That Archie Shepp’s newest iteration of this striking song cycle arrives in the wake of the death of LeRoi Jones (known later as Imamu Amiri Baraka) is fitting: Shepp, after a memorable stint with John Coltrane, made his earliest impact mixing jazz with the kind of protest narratives long associated with poets like Jones. Attica Blues Orchestra Live: I Hear the Sound reminds us that music — and verse — can be uncomfortable, challenging, outside of our every-day sphere.
Shepp’s intial take (simply called Attica Blues) arrived in 1972, not long after a multi-ethnic prison riot over crushing living conditions turned deadly — sparking a brief but unsuccessful coverup. Inmates, at one point, controlled a portion of Attica State in 1971, holding 33 hostages that included guards and some civilian employees. Then-New York Gov. Nelson Rockfeller’s decision to retake the correctional facility by force, however, an action that ended up costing 39 people their lives as state troopers killed 29 prisoners and 10 of the hostages. That fact only came to light later, after the administration initially tried to blame the deaths on the rioters.
Shepp’s flair for the dramatic — he is also a playwright, and has written some interesting music for the stage — added untold depths of color and meaning to this story through words and song. Still, other than a subsequent 1979 performance, Attica Blues has remained dormant. That is, until now, with the January 14, 2014 release of Attica Blues Orchestra Live: I Hear the Sound via Harmonia Mundi.
In a reminder that the original protest included blacks, Latinos and whites, Shepp gathered an international band of collaborators to reanimate this turbulent, still-resonant narrative, including Reggie Washington, Stephane Beimondo, Ambrose Akinmusire, Jimmy Owens, Francois Theberge, Cecile McLorin-Salvant and Marion Rampal, among others. They dig deeper into the latent emotion-laden blues of the piece, telegraphed in the album title, balanced here against Shepp’s penchant for sputteringly surprising, passionately sudden agitprop. There is, in particular in the vocal stylings of McLorin-Salvant and Rampal, a lyricism that works in perfect tandem with the album’s serrated avant-garde edges.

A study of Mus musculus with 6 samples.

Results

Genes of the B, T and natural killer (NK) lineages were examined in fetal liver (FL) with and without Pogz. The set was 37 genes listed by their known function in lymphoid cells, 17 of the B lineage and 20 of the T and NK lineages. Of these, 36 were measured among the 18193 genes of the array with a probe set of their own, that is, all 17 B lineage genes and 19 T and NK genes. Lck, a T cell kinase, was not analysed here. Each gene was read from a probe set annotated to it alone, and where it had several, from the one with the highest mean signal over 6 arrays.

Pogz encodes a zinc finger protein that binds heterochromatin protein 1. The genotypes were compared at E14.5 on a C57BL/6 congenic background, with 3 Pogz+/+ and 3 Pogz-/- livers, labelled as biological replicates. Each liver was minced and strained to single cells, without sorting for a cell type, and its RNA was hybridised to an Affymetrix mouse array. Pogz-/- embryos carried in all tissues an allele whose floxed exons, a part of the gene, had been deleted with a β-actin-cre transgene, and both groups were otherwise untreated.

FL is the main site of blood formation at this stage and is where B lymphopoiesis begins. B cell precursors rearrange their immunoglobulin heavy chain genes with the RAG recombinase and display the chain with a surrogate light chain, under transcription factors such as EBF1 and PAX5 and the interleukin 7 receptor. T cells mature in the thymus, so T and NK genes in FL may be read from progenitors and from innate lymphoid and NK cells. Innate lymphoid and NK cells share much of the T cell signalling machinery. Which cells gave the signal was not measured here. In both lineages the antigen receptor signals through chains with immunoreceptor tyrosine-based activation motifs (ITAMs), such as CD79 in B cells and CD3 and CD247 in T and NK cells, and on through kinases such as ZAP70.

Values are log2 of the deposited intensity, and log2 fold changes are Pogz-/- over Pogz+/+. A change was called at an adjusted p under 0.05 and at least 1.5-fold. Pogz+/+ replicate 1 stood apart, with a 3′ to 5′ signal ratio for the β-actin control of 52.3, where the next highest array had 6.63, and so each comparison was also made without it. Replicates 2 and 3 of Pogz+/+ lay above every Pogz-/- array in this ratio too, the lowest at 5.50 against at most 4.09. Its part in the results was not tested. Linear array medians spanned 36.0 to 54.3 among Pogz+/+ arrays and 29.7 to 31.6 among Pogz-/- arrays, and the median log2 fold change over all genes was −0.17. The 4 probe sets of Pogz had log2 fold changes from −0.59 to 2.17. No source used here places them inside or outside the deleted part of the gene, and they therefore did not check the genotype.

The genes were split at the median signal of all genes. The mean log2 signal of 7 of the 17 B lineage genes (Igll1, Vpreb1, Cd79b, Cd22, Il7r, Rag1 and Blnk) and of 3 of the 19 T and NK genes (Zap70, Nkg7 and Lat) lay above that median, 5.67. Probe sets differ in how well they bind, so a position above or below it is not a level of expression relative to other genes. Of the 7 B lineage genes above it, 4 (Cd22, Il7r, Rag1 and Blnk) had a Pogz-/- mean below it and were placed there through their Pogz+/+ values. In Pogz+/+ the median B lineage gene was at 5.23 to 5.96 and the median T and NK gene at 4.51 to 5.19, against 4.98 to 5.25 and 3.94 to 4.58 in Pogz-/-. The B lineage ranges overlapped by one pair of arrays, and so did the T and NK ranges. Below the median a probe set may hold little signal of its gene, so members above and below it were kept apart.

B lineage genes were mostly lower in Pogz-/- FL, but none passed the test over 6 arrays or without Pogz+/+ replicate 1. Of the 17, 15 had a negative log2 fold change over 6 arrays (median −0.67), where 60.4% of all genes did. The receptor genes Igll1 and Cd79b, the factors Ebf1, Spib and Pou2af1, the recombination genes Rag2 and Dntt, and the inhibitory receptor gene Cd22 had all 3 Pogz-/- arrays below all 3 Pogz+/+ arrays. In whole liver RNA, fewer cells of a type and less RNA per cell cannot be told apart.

The results convey the complexity of this awful moment in a way that still connects decades later — even as Attica Blues Orchestra Live: I Hear the Sound underscores just how much Shepp did away from celebrated contributions during Trane’s Love Supreme sessions and on Ascension.
More than just a potent sideman or even a leading proponent of the New Thing, Shepp was — and is — a voice for advancing the idea of what jazz could and can be, a voice for change, a voice for the ages. Somewhere, Amiri Baraka is smiling.